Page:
Composite manufacturing: Closing the digital gap

As composite manufacturing has advanced over the years, it has experienced a striking imbalance in the maturity of digital technologies. Computers have performed design and engineering tasks for decades, while paper plybooks and travelers are still used in many shops to guide composites fabrication. Since our founding in 1988 (when we were called Assembly Guidance), Aligned Vision’s mission has been to develop technologies that help to close this digital gap. These advancements are really needed today to accelerate composite manufacturing without compromising quality. Let’s take a look at the gap, the technologies and the ways in which composites fabrication is advancing toward Industry 4.0 efficiencies.

The composite manufacturing digital gap

Composites fabricators in the aerospace industry have led the way in digital design tools, driving the development of computer-aided design (CAD) as well as the fabrication planning functionality of computer-aided manufacturing (CAM). Designers of composite aerospace parts, especially critical structural components, have for decades employed surface modeling capabilities, structural design and analysis, electronically accessible composite materials data, and automatic generation of numerical codes for manufacturing guidance.

But digital support for the actual fabrication of composite components has lagged way behind. It has been outpaced not only by composites digital design technology, but also by digital manufacturing technology for other materials and processes. The strange thing is, until recently this gap has been accepted as “best practice.” Two current trends in the composites industry make it more and more urgent to close the digital gap:

  1. New market opportunities are opening up in high-volume applications. Technologies initially developed to manufacture 12-14 widebody jet airliners per month must be advanced to handle 120-160 single-aisle aircraft, and soon, 400 air taxis (urban air mobility aircraft) per month.
  2. The value of more detailed documentation has become apparent as aging air fleets are assessed, maintained and refurbished to extend their service lives. Comprehensive electronic documentation of the fabrication of flight-critical composite components today will provide end users and maintenance, repair and overhaul businesses (MROs) valuable information throughout their long future service lives.

Digital technologies for composites fabrication

The digital revolution for composite manufacturing floors arguably began in 1987, when Aligned Vision founder Scott Blake introduced 3D laser projection to the industry. Laser projection links digital design and engineering data directly to the fabrication floor – a great start to narrowing the gap. Additional features developed over the years have nearly closed the gap completely for data delivery:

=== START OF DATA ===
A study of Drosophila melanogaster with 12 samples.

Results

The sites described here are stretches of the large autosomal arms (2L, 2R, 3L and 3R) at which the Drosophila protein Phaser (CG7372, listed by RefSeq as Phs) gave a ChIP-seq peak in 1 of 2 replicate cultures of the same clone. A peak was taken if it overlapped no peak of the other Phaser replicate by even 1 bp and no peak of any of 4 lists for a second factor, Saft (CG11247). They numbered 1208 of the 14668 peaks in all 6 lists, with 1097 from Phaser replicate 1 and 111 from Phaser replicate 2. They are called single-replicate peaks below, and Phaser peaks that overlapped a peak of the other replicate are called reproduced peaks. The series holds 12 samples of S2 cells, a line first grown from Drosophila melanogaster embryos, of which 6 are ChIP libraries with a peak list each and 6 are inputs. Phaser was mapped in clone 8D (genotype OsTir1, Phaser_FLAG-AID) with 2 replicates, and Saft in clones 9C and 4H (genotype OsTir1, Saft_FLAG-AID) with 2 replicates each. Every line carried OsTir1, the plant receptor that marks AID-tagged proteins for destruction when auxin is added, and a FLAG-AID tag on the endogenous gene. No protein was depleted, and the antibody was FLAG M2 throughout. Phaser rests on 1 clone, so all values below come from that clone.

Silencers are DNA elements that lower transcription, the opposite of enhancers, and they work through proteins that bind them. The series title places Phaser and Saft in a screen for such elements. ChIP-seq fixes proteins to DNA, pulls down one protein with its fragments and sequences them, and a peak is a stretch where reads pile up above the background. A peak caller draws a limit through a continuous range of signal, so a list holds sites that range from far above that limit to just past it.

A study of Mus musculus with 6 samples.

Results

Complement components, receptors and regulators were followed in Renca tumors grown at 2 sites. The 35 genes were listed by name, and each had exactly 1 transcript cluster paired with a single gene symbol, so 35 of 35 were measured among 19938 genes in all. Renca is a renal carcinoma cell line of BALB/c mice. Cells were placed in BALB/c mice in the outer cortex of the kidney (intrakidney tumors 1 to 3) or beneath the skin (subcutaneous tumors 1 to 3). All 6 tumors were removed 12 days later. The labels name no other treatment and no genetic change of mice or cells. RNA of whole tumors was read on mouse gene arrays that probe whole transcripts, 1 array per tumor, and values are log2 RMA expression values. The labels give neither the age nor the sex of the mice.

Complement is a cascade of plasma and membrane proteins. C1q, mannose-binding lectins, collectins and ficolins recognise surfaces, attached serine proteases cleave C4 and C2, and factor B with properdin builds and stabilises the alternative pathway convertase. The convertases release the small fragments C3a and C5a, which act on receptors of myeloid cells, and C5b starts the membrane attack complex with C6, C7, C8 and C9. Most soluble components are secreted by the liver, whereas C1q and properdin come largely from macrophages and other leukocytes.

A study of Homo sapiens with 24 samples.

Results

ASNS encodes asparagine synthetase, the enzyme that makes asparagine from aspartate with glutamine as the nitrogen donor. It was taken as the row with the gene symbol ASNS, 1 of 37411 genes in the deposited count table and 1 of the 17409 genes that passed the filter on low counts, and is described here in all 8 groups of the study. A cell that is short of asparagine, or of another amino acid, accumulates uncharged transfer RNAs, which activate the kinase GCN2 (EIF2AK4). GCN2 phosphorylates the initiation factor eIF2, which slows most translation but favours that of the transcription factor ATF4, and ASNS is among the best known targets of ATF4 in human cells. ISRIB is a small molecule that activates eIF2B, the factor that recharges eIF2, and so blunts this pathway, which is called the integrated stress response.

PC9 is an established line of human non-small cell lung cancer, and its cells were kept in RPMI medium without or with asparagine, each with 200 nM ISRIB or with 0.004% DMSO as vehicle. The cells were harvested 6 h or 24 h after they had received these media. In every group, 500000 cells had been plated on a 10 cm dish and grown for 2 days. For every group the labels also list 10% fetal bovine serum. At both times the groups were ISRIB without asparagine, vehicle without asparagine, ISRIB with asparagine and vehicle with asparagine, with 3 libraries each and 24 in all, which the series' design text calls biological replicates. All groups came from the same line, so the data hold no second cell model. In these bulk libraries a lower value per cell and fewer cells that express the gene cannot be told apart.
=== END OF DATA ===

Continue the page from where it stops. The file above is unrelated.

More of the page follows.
• Automatic aiming multiplexes the field of each laser projector, enabling it to generate laser templates despite obstructions and shadows in the work area.
  • Transform-driven automatic focus increases the energy density and brightness of the laser beam without increasing overall energy output and shortening the service life of the laser.
  • A multitasking controller with a CAD-like user interface makes it easy for floor personnel to run laser templating sequences on multiple independent tools.
  • Process control software allows engineers to digitally create electronic bills of process (BOPs) and electronic work instructions (EWIs) instead of paper.
  • Full-featured touchscreen remote controls let multiple floor operators access and step through EWIs while remaining at the tool.
  • Kitting software enables the application of laser projection to cutter unloading, using data from nesting programs to direct operators through the kitting sequence.
  • Dynamic registration tools automatically establish and maintain alignment of projectors, accelerating setup and other non value-added tasks.

Data delivery is only half of the digital revolution required to close the digital gap. Data collection technologies have also contributed to the closing of the digital gap:

  • Touchscreen remote controls not only deliver EWIs but also allow electronic entry of logins, buyoffs and comments.
  • Automatic population of electronic reports creates comprehensive documentation of the composite manufacturing process for each build – much more detailed than the stamps and initials on a paper traveler!
  • A high-magnification camera added to the laser projection unit is able to leverage the auto-aim and auto-focus features and capture inspection images of the work in progress. AI-enabled analysis of these images completely automates in-process inspection of composites fabrication.
  • Automatic inspection data and images are included in electronic reports, greatly enhancing the value of composite manufacturing documentation.

Approaching Industry 4.0 efficiencies

By digitalizing composite manufacturing, laser projection and automatic inspection open the door to the interconnectivity of Industry 4.0. Instead of a disconnected, stand-alone system, your LASERGUIDE or LASERVISION system becomes an integral element of a comprehensive quality solution, closing the loop from design, engineering and enterprise systems to the composites fabrication floor and back again. This closed loop enables real-time corrective action by projecting the location of any anomalies or flaws detected during inspection. And it contributes not only to an as-built digital twin of each finished component but also to data analytics and deep learning that provide manufacturing insights and lead to continuous improvements.

As you consider how to advance your composite manufacturing speed and quality, be sure to look for laser projection and automatic inspection features that advance your data delivery, data collection and overall digital transformation.